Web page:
Here’s what The Baltimore Sun sports staff had to say immediately after the Ravens’ 33-31 loss to the visiting Cleveland Browns in Sunday’s Week 10 game at M&T Bank Stadium.
Brian Wacker: The Ravens were on the verge of another blowout. Then their self-inflicted wounds set in, much the way they did against the Colts and Steelers earlier this season.
First there was Lamar Jackson’s interception at the Browns’ 37-yard line with under a minute to play in the first half. Jackson didn’t put enough on the throw, he said, and that halted any chance of the Ravens adding to their 17-3 lead. But the real dagger was his tipped pass to fullback Patrick Ricard in the fourth quarter that was returned for a touchdown by cornerback Greg Newsome II. Despite trailing by one, 31-30, after the missed extra point attempt, the Browns looked poised to climb all the way back.
Another special teams snafu also proved costly, with Justin Tucker’s 55-yard field goal try with 2:27 left in the second quarter blocked. That gave the ball back to the Browns, who turned it into what turned out to be a critical three points.
There were other curious decisions, notably running back Keaton Mitchell getting just one touch in the second half after a 39-yard touchdown run and a 32-yard catch-and-run in the first half. Coach John Harbaugh said that’s just the way the game went and Mitchell said he’s not complaining about the lack of touches, but it was odd to go away from a player who has emerged as a significant weapon over the past two weeks.
Lastly, the Ravens have to find a way to close out games. Blowing leads of 24-9 and 31-17 in the second half is unacceptable, no matter what.
Mike Preston: This loss proved the Ravens can’t be trusted, not yet anyway. It’s way too early to conclude this team has reached its peak and it showed Sunday. The offense couldn’t find its rhythm and the defense couldn’t get off the field in the fourth quarter when the outcome was still in doubt. There is a lot of room for improvement and two months for this team to get better before the postseason.
Jacob Calvin Meyer: Nothing like a fourth-quarter collapse to really ruin a Sunday afternoon, eh? It appeared as if the Ravens were going to win their fifth straight game and improve to 8-2. Instead, it was another late collapse. For the third time this season, the Ravens have let what seemed like a sure win slip through their fingers. However, the last time Baltimore had a loss like this, it ripped off four straight wins. The Ravens have the opportunity to start another streak Thursday night against the Bengals.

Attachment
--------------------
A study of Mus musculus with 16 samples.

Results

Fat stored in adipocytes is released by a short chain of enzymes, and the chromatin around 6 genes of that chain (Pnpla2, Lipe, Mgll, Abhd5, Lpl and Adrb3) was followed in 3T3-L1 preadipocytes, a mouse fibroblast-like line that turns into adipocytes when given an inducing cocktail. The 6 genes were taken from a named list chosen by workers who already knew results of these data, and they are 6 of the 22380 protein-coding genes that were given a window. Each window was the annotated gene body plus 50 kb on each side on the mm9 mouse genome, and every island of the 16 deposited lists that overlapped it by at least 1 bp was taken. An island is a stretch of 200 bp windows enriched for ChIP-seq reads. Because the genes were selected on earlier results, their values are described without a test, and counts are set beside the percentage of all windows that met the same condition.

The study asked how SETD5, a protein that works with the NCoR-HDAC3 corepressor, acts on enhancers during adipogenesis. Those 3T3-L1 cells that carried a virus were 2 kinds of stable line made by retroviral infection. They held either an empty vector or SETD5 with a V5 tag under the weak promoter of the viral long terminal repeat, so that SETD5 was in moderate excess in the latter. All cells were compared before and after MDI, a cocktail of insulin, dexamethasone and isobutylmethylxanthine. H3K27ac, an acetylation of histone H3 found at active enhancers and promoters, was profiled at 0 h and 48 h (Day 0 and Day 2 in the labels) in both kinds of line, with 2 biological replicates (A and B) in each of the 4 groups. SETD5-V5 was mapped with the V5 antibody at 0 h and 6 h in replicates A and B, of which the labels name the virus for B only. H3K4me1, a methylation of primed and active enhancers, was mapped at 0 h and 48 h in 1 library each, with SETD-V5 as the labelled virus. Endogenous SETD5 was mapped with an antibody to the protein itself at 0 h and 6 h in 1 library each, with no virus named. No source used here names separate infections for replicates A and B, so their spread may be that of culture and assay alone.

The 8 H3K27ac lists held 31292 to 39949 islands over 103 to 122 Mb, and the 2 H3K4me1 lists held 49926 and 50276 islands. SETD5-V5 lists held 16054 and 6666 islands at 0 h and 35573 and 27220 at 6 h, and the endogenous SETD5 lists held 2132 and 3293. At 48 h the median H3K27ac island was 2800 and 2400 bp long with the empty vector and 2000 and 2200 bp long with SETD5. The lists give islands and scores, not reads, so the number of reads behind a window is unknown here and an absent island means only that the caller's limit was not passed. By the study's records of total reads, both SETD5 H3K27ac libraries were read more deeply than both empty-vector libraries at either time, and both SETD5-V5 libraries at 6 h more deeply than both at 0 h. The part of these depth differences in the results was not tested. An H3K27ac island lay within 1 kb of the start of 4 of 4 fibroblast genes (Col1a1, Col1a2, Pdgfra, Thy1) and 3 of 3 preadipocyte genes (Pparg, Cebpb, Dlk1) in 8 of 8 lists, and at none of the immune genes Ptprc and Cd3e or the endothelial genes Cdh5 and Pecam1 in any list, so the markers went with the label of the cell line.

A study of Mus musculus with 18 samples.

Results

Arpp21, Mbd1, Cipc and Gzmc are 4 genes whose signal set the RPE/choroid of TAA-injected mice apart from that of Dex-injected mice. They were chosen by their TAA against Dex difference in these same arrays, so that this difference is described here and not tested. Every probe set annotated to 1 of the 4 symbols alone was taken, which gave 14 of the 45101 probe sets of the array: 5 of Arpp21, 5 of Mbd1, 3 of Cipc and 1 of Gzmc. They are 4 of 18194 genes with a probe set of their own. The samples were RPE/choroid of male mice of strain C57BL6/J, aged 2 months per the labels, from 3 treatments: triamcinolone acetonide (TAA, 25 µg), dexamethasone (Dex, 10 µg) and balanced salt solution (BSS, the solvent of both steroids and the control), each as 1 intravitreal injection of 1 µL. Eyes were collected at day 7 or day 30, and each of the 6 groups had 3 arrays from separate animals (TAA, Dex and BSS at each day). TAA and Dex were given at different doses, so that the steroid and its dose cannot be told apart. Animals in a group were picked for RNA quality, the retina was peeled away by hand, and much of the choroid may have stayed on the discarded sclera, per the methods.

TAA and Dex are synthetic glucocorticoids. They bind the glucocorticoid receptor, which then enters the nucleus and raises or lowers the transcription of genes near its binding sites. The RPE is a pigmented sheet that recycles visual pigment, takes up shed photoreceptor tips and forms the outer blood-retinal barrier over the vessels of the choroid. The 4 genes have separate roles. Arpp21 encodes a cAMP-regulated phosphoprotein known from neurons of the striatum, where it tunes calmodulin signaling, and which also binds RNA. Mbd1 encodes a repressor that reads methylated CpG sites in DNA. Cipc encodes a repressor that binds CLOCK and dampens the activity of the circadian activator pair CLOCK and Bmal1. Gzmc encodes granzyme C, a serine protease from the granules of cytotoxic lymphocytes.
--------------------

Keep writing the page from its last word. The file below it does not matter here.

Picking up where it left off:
C.J. Doon: A game that started out with so much promise thanks to Kyle Hamilton’s stunning pick-six ended with so much frustration. The injuries to cornerback Marlon Humphrey and left tackle Ronnie Stanley loom large, not just for a short week of preparation for the AFC North rival Cincinnati Bengals on “Thursday Night Football,” but the rest of the season. This Ravens team is aiming for the top seed in the conference and a trip to the Super Bowl, after all.
But Baltimore sure didn’t look like a title contender Sunday. How does this Ravens defense allow this Browns offense to score 24 of the game’s final 31 points? Deshaun Watson looked hobbled all game after suffering what appeared to be an ankle injury in the first quarter, and yet he might have outplayed Lamar Jackson. Watson even broke away from what looked like a sure tackle to help move the chains on the Browns’ final drive.
The Ravens have been so successful grinding down opponents with their running game to seal wins this season, which makes that pick-six on a batted ball with 8:16 to go so frustrating. Rookie sensation Keaton Mitchell also got just three carries — and just one touch in the second half — despite averaging 11.3 yards per attempt.
But what’s really shocking is the performance of a Ravens defense that couldn’t get off the field in the second half, allowing back-to-back 75-yard touchdown drives and a methodical 12-play, 58-yard march that set up Dustin Hopkins’ game-winning 40-yard field goal as time expired. If not for a muffed punt by former Ravens wideout James Proche early in the fourth quarter, it could have been even worse.
Tim Schwartz: Ah, the AFC North. It doesn’t seem to matter what the records are, these games are always a dogfight. A pick-six for each of the NFL’s best defenses? Check. Fumbles caused by massive defenders clamping down on quarterbacks? Check. Wild swings that nobody expected? Check. The Ravens letting another opponent back in the game in the second half? Check.
This was the Ravens of old (at least earlier this season, before they seemingly turned a corner and stopped playing down to opponents), and they will lament giving away a home game they seemed to have won in the first quarter. All they can do is move on quickly to prepare for Thursday night’s prime-time battle against a Bengals team that was stunned by the Texans on Sunday.